BEIJING: Firms in China brought in half of the equity capital raised globally this year so far, setting a record that highlights the economy’s earlier revival from the Covid-19 pandemic, plus the degree to which soured US relations are turning Chinese firms homeward.
China-based companies sold shares worth $32.1 billion in January-June including multi-billion-dollar secondary listings in Hong Kong, equivalent to 49.8 percent of worldwide offerings, showed data from Refinitiv.
The total for US firms was $15.8 billion.
“With massive liquidity injections by various governments (supporting virus-hit economies), I’m not surprised by the size of Chinese capital raised this year – and the trend may continue,” Li He, capital markets partner at Davis Polk, said of China firms taking advantage of their early lockdown emergence.
Better market activity
China was hit by the novel coronavirus in December and was the first country to impose virus-prevention lockdown measures on individual movement and business activity in late January.
Markets began their return to normality in April.
Chinese fundraising has been helped by the popularity of Shanghai’s year-old growth-focused STAR Market, as well as well-received initial public offerings (IPOs) in Hong Kong and the massive secondary listings – including the $3.9 billion raised by e-tailer JD.com Inc this month and $3.1 billion by games developer NetEase Inc.
“For Chinese companies, both the Hong Kong and US markets are getting back to normal,” said Houston Huang, head of global investment banking for China at JPMorgan.
“Market activity (deal volume) is much better than anybody expected at the beginning of the year.”
China-US strained ties
Escalating Sino-US geopolitical tension over issues such as trade is widely expected to prompt more US-listed Chinese firms to conduct secondary listings closer to the home where they can raise funds in markets absent of anti-Chinese sentiment.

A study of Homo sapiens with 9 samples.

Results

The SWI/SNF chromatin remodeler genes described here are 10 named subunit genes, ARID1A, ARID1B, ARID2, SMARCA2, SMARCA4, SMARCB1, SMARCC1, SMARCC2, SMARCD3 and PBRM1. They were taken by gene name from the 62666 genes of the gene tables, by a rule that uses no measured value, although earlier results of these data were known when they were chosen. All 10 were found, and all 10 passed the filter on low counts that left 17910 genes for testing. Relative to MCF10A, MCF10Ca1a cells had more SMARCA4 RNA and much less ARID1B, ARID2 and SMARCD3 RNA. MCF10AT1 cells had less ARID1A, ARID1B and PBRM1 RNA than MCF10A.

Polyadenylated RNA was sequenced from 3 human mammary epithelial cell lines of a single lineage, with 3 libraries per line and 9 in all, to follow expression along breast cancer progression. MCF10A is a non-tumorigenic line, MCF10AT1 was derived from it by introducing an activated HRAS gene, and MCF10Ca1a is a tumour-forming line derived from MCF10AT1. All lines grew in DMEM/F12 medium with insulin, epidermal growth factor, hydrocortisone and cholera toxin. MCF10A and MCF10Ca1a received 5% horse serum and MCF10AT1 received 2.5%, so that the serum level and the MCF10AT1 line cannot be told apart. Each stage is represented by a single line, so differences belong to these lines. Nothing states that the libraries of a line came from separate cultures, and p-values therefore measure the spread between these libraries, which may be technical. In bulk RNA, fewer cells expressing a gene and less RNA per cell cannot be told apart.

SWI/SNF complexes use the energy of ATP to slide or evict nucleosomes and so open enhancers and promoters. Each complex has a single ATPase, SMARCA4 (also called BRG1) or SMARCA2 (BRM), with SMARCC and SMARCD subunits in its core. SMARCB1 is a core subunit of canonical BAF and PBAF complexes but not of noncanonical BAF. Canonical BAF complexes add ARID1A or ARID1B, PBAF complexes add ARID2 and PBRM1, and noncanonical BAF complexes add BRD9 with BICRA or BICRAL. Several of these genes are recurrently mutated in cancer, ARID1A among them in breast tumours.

Companies considering a secondary Hong Kong listing include Yum China Holdings Inc and ZTO Express (Cayman) Inc, said two people with direct knowledge of the matter.
Neither Yum nor ZTO responded to requests for comment outside of regular business hours.
Secondary deals are also increasing investor interest in Hong Kong, a market with a reputation for hosting stodgy financial and property groups rather than growth-focused tech companies.
Li Hang, CLSA head of Greater China equity capital markets, said the JD.com sale, on which his bank worked, was able to win orders not just locally but also from Southeast Asia and Europe.
“If a company is looking at a secondary listing in Hong Kong, they need to be looking at gathering investors’ interest from not only from Asia, but also Europe and the US,” Li said.
Also of concern for Chinese firms are US steps aimed at improving the transparency of financial disclosure but which clash with the Chinese government’s reluctance to give foreign entities access to onshore records.
In May, just weeks after former market darling Luckin Coffee Inc said its sales had been falsified, the US Senate passed a bill that could force Chinese firms to delist if they do not allow the Public Company Accounting Oversight Board to access their audited accounts for three consecutive years.
Will Cai, head of US law firm Cooley’s capital markets practice in Asia, said the bill spurred two of his eight Chinese clients with IPO plans to choose Hong Kong over New York.
Business despite fallout
For some Chinese companies, prestige continues to propel them toward a US listing in spite of political wrangling and negative sentiment toward Chinese firms following the fallout from Luckin Coffee.
Chinese groups still managed to raise $1.7 billion through New York IPOs during 2020’s coronavirus-hit first half, versus $3.42 billion in January-June last year.
The figure includes the $510 million raised by Kingsoft Cloud Holdings Ltd in early May in the first major US IPO since the coronavirus outbreak – and the first since Luckin’s disclosure. Its stock has since risen by nearly 60 percent.
“We were under a lot of pressure because if this one had failed, basically the US market could have potentially closed the door to all Chinese companies,” said Huang at JPMorgan, a lead underwriter for the deal.